LAMA SERU – A life devoted to improving the Everest trails

If one day you trek from Namche up to Gokyo or the Everest base camp, you will meet a man, sitting in a chair next to a donation box and two big blackboards, where he explains what he does and why he asks for money.    

He is Pasang Sherpa, known as Lama Seru. He is 81 years old and still works with passion for the improvement of the trails that, from Namche upwards, reach the foot of the Sagarmatha (Everest). Hi has been done it on a voluntary basis during the last 35 years and he still continues to do it in spite of his age and that he cannot see or hear well.

He has earned a good reputation for his dedication to improving Khumbu‘s trails. He has done it with his own work and with the donations of the visitors. He started repairing and improving a 14-kilometer long trail from Dingboche to Phungi Thenka, passing through the Tengboche monastery, and a 5-kilometer-long trail from Pheriche to Everest base camp.

Just some days ago he has finished the construction (or repair) of the trail from Phungui Thenka to Namche, which is about 6-kilometer long. During these years he has also built 16 resting areas along these trails and even a chorten (stupa, in Nepali).          

I met him for the first time in 2002 much far away than now but I didn’t realise really what he was doing. 12 years later, in 2014, I met him again at the beginning of the flattest section of the trail before arriving to Namche, with the same blackboards than now. And the last days he was sitting close to Namche. As it was his hope, before the winter arrival, he has ended the reconstruction of this long trail.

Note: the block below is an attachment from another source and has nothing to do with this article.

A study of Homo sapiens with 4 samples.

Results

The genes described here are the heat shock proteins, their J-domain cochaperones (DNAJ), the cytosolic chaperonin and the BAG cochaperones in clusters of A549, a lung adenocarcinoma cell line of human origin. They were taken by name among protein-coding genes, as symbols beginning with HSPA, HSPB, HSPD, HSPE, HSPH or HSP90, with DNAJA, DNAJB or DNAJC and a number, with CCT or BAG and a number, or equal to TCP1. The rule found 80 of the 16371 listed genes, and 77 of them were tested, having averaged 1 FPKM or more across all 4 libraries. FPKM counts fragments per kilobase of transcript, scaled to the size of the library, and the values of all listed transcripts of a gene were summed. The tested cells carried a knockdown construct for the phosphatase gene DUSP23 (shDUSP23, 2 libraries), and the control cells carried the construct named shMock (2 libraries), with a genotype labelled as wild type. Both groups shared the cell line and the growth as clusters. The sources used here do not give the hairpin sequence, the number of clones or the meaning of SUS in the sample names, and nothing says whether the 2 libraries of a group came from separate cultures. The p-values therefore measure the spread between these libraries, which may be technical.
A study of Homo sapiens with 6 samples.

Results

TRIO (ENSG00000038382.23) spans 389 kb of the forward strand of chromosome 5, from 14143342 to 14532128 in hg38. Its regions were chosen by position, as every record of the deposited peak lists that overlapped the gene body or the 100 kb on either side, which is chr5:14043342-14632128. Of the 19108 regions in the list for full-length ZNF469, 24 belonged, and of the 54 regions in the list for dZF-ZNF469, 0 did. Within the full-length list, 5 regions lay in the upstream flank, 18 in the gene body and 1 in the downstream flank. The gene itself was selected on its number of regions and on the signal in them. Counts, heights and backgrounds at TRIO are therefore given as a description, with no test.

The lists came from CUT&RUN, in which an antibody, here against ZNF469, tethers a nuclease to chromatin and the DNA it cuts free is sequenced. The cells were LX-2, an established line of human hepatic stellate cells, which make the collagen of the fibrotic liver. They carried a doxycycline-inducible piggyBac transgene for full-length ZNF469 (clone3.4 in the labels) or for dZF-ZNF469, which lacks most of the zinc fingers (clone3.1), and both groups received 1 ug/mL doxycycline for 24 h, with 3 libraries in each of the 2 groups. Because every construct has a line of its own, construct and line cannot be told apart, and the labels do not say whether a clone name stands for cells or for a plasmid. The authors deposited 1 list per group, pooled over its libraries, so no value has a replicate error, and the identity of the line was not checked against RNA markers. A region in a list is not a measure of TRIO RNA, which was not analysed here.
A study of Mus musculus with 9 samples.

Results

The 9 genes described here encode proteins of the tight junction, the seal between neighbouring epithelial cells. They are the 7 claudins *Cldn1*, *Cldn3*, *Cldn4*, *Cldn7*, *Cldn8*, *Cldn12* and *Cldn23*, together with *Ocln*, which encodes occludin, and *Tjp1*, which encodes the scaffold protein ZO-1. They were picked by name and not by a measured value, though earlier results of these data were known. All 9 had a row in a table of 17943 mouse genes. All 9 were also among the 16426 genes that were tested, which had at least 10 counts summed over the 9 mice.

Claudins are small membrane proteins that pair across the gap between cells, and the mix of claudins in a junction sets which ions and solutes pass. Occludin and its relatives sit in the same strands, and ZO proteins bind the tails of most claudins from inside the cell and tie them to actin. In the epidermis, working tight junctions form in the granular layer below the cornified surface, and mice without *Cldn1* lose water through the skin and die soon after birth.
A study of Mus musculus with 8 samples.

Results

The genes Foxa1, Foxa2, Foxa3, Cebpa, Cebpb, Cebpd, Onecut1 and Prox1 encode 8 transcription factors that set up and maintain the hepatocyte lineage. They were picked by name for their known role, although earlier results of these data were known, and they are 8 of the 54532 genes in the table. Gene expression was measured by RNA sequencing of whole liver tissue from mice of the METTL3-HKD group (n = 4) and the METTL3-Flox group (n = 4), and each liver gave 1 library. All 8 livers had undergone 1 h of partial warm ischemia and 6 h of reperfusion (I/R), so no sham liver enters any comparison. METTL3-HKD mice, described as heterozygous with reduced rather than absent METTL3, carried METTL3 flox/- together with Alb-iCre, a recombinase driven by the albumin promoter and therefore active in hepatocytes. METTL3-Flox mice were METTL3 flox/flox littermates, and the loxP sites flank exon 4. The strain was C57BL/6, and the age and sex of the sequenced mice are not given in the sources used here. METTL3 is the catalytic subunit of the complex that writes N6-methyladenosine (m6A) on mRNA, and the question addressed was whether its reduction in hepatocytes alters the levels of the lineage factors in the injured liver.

The story of this man begins when he was 18 years old and for the first time, he joined a trek to the Everest region. Then he already realized the bad condition of the trails and how dangerous were, for tourists and locals as well. A few years later he left the trekking jobs to dedicate his life to improving the trails that go to Everest. He first lived in a tent until he later married Lakpa Yangji, from Khumjung, and since then they live in a rented house at the outskirts of this town.            

At first, he was the one who did the work but later, due to his age, he started to hire workers. Although he is very old, he says he feels strong enough to continue this task, as he says, until at the end of his days.

Two years ago, he was distinguished with the Nagarik Nayak (Nagarik Heroes) 2017 Award, which is given annually by the Nepalese newspaper My Republic, for its three decades of efforts to improve Khumbu’s trails, what has saved lives of people and cattle that walk there.

His main concern, however, is whether the administration will take over of his job to maintain these trails once he is no longer.

When I was writing this post, I learned that when the repairing of this last section of the trail was finished, he fell seriously ill and he was evacuated by helicopter to the village of Salleri, located in the lower part of this region, where he was born and still have a home. This is where he is currently recovering from the disease and we all hope to see him again sitting on the edge of some trail, continuing this job that is so enthusiastic.